Markets, evolution and the providence of God

happy endingIf one is convinced, as I am, that life on earth evolved according to mechanisms posited by the scientific consensus and also that the spontaneous order of the market is the best way of organising economic affairs currently available to us, what implications might there be for our understanding of the idea of “providence”, of God’s ongoing sovereign guidance of the world? How indeed are these ideas compatible with a traditional Christian doctrine of creation?

These, of course, are not new questions nor do I imagine that I will have anything very original to say about them but they are preoccupying me at present and I feel the need to write about them to put my thoughts in order.

1) I am convinced that part of the answer lies in the positing of two quite distinct temporal orders. God’s time is different from our time, although the two cannot be thought of as completely unconnected. For us time is bounded and uni-directional. For each of us individually, for our societies, our species, our planet, and even our universe, time has a beginning and it will have an end and we move through it from one to the other. God’s time cannot have that same character. If we accept the idea of God as creator then God must exist outside this flow of time as its ground and origin. (However hard this may be to conceive.)

2) Within historical time there appears to be a good deal of scope for human action to make a difference. We see cases where it is hard not to conclude that it would have been possible for decisions to be made that would have led to outcomes other than those that actually came to pass. Our sense of moral responsibility could not survive another conclusion and is central to (most) Christian teaching and accords with the sense of most other people. It is impossible for us to accept the idea that all our actions are determined by a sovereign God who decides who we will be and what we will do.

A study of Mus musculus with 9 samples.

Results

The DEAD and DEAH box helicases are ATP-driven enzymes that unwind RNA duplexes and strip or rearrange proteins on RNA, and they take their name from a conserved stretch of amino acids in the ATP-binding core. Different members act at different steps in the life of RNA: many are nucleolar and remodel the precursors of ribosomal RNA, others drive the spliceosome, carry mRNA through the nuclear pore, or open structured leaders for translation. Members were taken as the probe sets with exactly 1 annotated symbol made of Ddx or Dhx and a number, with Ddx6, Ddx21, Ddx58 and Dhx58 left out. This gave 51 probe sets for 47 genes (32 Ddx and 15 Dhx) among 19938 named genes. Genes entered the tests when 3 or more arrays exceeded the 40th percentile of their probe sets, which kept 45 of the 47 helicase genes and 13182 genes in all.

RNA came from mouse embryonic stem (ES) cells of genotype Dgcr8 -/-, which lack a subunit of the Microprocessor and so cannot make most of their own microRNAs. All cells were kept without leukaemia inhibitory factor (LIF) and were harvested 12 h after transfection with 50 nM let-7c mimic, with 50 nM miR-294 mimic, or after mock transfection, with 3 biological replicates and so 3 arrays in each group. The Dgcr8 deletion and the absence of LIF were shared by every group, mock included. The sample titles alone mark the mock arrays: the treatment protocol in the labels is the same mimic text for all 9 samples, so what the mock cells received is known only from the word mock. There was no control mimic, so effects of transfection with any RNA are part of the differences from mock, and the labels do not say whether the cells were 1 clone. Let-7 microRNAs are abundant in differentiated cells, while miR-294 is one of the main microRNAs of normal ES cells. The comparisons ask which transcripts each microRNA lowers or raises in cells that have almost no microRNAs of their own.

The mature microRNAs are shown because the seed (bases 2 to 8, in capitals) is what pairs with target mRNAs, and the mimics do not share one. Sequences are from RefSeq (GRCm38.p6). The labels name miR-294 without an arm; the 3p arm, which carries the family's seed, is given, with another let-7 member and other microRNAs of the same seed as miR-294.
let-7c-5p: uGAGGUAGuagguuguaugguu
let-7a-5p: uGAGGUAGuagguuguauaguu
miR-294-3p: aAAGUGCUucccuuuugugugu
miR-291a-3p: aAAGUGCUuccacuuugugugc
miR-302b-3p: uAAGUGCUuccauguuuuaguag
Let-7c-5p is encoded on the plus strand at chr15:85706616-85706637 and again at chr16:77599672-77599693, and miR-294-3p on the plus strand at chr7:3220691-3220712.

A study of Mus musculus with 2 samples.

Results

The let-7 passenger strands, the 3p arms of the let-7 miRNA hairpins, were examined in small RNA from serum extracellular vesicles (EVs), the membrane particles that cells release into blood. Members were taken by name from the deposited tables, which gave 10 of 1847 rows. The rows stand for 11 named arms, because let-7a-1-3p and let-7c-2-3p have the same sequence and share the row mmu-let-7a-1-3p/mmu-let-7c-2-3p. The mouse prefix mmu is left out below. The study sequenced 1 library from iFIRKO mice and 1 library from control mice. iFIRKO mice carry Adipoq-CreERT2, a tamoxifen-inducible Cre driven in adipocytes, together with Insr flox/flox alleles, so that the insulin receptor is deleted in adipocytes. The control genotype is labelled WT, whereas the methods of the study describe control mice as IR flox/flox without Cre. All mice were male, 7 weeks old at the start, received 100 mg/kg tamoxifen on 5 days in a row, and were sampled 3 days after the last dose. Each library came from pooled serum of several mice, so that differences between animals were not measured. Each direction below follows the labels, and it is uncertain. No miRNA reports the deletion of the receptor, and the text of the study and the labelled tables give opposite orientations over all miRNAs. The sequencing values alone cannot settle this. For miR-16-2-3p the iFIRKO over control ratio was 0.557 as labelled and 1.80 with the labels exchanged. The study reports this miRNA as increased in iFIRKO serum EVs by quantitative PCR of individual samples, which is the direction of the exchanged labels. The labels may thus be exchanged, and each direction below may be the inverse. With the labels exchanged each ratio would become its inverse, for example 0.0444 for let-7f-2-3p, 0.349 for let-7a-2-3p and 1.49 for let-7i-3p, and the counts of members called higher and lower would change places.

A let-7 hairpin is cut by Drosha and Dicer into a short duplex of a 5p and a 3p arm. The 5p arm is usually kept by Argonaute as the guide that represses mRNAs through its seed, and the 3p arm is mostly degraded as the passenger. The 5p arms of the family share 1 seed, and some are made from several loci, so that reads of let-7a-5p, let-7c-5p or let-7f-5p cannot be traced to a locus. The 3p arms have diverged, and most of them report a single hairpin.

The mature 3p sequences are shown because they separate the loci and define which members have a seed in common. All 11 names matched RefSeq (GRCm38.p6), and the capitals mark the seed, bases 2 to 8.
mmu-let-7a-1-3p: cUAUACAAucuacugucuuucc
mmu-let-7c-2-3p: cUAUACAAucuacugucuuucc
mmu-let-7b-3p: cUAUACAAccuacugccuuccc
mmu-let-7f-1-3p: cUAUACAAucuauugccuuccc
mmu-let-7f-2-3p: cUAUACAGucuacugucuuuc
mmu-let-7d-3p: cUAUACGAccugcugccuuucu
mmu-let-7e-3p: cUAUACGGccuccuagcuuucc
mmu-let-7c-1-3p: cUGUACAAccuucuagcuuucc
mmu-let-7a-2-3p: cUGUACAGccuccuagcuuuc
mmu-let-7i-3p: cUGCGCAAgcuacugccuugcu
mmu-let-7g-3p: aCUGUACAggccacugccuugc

3) On the other hand on the grand historical scale it is hard to conclude that most processes and large scale developments do not come about through the conscious will of any or all of those who take part in them. We feel powerless to reshape our world and explain history using categories and structures at a level well above that of the single decision maker. The current disaffection from politics and distrust of politicians expresses this feeling of powerlessness. History seems impersonal, a “second nature” with its own laws.

4) This sense of the social sphere as subject to objective laws is reinforced by our experience of markets. Here agents exchange good abstracting to various degrees from their identities and using a universal means of exchange (money) that means that their interaction can in principle be narrowed down to the single event of purchase and sale. From the total mass of these exchanges a complex structure of economic life can be organised without the need of a central directing agency. It is impossible for anyone to know everything that is going on, as the difficulties of econometrics testifies. There is no one in charge, at the largest scale.

5) Some seek to reinstate providence at this level using some version of Adam Smith’s “invisible hand”.  God is to be found in the, to us, anonymous order to be found at the higher levels of abstraction and organisation. The flow of goods and services in the total economy or the progress of history as viewed from the point where it can be observed in retrospect. I find this unsatisfactory because these processes and systems are so clearly not perfect, not just, not peaceful, not in short Godlike. Were God already fully in charge surely the present could not look as it does?

6) The most promising line of thought for me is to suggest that this is the reason the idea of resurrection is so indispensable. God’s action in and on the world is not yet completed. God’s promise is that at the end of our time, which is already present in God’s time, all will be (is) well. It is only at the end, at the resurrection, that these two times will coincide but because both are present to God the promise is a sure one, rather than a conditional one. All is well because all will be well.

7) This leaves open the relationship between our responsibility and God’s action in the present. God is able to promise reliably because God is already at the end of time as well as in the present. Our hope depends on God’s act of promise, based on God’s linking of the time of the promise and the time of its fulfillment. Our hope does not depend on our belief either that we are or should be able to impose our will on historical development nor on our belief that we can observe things getting better in a progressive way. Our hope depends only on our trust in God’s promise.

8) In this sense belief in providence is not a conviction that God will act in the present to protect or to care for us, although we can have such a hope. It is rather analogous to the implicit promise in children’s films that there will be a happy ending, that the characters we care about most will be all right in the end. We encourage our children to endure the upset of their identification with characters who are suffering or in danger because “it will be all right in the end”. Perhaps trust in providence is rather like that.